Geothermal Heating and Cooling: A Short Overview

The use of geothermal energy for heating and cooling is catching on as a replacement for fossil fuels. It is efficient, economical, and it works anywhere in the country, no matter how hot or cold the outside temperature is.

Geothermal 101

Geothermal energy uses the limitless supply of energy located just below our feet. Below the frost line, the earth's temperature is a constant 50-55 degrees. Geothermal energy installations tap into this heat to reduce the home's overall heating and cooling loads. Instead of burning fuel for heat, geothermal simply moves heat: from the earth into the home, and vice versa.

Traditional HVAC systems, even more energy-efficient models, use enormous amounts of energy to move heated or cooled air around the house. This can account for more than 50% of an average home's total energy usage. Geothermal is more efficient; the systems mild starting point creates a shortcut to the home's target temperature. Whether it's 100 degrees outside, or zero degrees, if you start out with 50 degrees, it's much easier to make the indoor temperature comfortable.

How Geothermal Works

During the cold winter months, the earth's heat is absorbed by a loop system of water-filled pipes that run under the ground. This heat is transferred to a geothermal unit in the home (which replaces both the furnace and the air conditioner). There, the heat is compressed to a warmer temperature using a refrigerant-type gas and circulated through the home via traditional ductwork.

To cool the house, the system simply reverses. Warm air from the home goes into the geothermal unit, where it is transferred to the cooler earth via the loop system, and absorbed.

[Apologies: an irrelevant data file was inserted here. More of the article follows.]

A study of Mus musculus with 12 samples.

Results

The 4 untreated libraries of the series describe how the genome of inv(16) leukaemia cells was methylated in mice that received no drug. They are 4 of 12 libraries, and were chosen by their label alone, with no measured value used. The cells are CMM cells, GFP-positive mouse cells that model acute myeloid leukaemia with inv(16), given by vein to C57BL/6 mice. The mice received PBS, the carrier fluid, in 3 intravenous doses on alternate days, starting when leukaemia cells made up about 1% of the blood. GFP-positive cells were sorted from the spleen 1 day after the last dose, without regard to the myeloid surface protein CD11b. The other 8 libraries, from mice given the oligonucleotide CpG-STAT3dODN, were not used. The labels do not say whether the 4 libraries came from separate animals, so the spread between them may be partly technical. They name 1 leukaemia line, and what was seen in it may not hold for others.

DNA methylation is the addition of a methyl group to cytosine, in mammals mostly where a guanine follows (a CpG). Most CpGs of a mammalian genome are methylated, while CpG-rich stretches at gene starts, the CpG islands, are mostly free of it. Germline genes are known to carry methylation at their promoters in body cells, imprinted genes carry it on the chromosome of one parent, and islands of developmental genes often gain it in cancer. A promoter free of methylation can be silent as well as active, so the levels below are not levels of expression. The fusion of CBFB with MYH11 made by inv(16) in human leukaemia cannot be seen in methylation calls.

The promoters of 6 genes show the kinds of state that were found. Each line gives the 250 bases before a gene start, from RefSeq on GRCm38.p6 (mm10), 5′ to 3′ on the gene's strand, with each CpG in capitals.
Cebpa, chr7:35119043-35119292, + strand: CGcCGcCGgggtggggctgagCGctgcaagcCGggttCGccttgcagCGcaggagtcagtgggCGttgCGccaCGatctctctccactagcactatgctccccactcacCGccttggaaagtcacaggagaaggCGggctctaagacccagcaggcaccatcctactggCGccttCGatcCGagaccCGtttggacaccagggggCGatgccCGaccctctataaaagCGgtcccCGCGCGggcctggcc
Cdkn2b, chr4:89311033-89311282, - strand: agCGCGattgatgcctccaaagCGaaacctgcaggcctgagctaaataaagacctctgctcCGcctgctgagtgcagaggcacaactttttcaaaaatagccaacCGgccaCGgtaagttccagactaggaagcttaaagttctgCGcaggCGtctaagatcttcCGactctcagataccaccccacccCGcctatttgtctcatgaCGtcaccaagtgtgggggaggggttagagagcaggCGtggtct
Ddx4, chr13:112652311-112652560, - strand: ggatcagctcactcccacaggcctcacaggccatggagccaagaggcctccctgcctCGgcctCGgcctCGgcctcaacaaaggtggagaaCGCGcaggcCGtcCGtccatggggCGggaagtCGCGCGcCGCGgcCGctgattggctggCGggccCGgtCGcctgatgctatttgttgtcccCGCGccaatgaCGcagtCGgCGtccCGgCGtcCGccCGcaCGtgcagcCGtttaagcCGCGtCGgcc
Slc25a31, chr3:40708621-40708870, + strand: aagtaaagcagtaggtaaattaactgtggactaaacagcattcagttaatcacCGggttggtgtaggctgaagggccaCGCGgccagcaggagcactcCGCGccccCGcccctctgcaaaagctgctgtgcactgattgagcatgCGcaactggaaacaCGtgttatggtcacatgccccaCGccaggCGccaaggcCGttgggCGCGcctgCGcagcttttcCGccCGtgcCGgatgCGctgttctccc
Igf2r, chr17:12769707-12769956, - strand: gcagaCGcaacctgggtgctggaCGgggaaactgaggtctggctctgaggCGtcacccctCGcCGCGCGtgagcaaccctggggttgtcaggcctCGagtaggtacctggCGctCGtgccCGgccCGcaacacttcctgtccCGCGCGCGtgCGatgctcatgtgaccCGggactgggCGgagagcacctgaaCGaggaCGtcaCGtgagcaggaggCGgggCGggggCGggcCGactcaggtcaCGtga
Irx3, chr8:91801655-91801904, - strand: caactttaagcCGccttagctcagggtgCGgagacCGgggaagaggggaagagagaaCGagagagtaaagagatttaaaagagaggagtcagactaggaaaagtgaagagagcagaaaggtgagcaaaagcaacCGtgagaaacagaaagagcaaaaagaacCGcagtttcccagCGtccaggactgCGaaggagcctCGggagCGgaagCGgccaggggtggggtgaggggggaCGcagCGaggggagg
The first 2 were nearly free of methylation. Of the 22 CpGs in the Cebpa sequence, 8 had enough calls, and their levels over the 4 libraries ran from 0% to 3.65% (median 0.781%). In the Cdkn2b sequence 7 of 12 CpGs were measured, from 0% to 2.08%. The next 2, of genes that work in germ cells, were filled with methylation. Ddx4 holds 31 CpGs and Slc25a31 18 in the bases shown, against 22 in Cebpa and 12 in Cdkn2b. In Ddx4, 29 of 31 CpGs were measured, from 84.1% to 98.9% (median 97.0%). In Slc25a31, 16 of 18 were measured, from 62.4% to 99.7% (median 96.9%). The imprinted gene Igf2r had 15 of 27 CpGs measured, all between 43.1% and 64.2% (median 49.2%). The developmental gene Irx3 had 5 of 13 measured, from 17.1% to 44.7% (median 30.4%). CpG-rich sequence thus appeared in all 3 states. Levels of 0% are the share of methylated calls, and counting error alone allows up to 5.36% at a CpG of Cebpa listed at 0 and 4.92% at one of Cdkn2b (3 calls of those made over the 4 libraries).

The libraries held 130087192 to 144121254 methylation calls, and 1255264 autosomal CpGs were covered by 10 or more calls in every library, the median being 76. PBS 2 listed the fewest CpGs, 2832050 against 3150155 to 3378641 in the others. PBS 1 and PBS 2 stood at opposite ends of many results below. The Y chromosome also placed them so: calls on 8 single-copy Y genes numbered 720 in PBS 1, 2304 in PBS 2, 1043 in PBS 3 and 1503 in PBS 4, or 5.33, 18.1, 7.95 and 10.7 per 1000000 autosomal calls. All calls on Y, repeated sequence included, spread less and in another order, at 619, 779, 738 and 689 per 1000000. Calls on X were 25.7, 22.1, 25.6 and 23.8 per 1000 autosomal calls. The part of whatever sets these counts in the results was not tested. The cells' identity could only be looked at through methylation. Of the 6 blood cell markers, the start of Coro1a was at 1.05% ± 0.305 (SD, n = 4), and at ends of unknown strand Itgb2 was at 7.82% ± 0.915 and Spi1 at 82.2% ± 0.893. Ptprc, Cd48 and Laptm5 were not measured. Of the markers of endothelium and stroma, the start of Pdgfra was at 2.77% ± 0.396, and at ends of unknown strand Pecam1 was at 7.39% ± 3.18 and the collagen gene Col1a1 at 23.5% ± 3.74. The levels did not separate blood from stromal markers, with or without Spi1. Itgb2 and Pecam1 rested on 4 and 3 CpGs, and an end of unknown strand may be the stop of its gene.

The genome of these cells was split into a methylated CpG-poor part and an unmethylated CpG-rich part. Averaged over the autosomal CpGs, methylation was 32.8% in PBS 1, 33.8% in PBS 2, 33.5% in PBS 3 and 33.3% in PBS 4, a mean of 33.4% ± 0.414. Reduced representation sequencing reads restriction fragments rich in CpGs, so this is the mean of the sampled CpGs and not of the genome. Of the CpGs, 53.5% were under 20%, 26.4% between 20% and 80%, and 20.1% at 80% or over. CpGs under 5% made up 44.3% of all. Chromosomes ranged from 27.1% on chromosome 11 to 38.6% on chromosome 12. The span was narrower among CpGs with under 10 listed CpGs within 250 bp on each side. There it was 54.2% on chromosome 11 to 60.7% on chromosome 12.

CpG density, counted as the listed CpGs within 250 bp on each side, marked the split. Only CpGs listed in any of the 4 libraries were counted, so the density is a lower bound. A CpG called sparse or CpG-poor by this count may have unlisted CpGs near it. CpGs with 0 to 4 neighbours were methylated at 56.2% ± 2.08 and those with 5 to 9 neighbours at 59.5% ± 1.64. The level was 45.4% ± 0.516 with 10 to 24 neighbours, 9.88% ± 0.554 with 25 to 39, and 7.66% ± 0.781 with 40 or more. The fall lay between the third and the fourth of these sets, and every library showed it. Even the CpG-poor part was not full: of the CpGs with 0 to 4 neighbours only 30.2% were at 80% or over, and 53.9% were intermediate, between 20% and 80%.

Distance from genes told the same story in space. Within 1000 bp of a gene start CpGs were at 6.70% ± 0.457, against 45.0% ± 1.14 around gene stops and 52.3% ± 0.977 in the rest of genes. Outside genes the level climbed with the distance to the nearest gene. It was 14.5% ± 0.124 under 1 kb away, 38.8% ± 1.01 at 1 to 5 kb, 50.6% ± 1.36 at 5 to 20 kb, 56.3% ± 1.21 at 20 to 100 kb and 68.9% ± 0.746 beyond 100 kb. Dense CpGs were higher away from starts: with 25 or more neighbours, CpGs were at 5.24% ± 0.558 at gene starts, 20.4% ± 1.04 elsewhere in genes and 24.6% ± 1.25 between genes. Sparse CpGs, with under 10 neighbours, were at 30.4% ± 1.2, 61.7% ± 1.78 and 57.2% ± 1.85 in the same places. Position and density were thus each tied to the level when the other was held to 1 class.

The results are the same as from any regular HVAC system: comfortable indoor air, year-round.

The main geothermal unit (taking the place of a furnace and air conditioner) works on the same principle of a refrigerator to remove heat from the earth to the home or from the house to the earth. Wired to a 50-amp circuit, the geothermal unit works without venting or combustion. No fossil fuels are burned, no greenhouse gases are created in-home, and the threat of carbon-monoxide poisoning is eliminated.

The Geothermal Setup

The underground piping can be installed in deep vertical coils, which uses less pipe and square footage, or horizontal coils in which loops of pipe fill shallower trenches just below the frost line.

Installation Costs of Geothermal Systems

Installing a new geothermal system can be more expensive than traditional HVAC systems, but the gains in efficiency will cover the cost of the system over time. The typical ground-source geothermal system recoups its installation costs within 10 years; at that rate, it will pay for itself several times over during its lifespan.

The Benefits of Geothermal Efficiency

Geothermal has many benefits for the green home, including:
- Superior Efficiency: Standard HVAC systems are usually between 80% and 97% efficient: the average geothermal system is 400% efficient. For every four units of energy it delivers, one unit of energy is required to operate it.

- Lower Environmental Impact: Because there's no combustion of fossil-fuels, geothermal drastically reduces greenhouse gas emissions from the home.

- Safer: No combustion also means there's no hazardous fumes, eliminating the possibility of carbon monoxide poisoning.

- Long Lasting Durability: The underground loop system can last 50 years or more; the geothermal unit in the house will easily last 15 years or longer.

- Tax Credits/Rebates: Many areas offer federal tax credits or other local rebates to help lower the installation costs of a geothermal system.

As a case-study, an average-sized 2000-sq-ft. house in New York was retrofitted with a geothermal system. The house saw immediate savings with the combination of tax credits, increased efficiency, and a low-interest loan.

Installation cost: $30,000 -- $11,000 (tax credit) = $19,000
Annual costs: $3945 (old system) -- $2076 (geo) = $1869 saved
Payback period: $19,000 / $1869 = 10.17 years
Monthly fuel costs for old system: $329
Monthly geothermal costs: $173 (power) + $132 (loan) = $305

Geothermal energy is an elegantly simple way to efficiently heat or cool your home. Unlike wind and solar, geothermal power is constant, day and night. The earth's heat is always there, we just need to take advantage of it.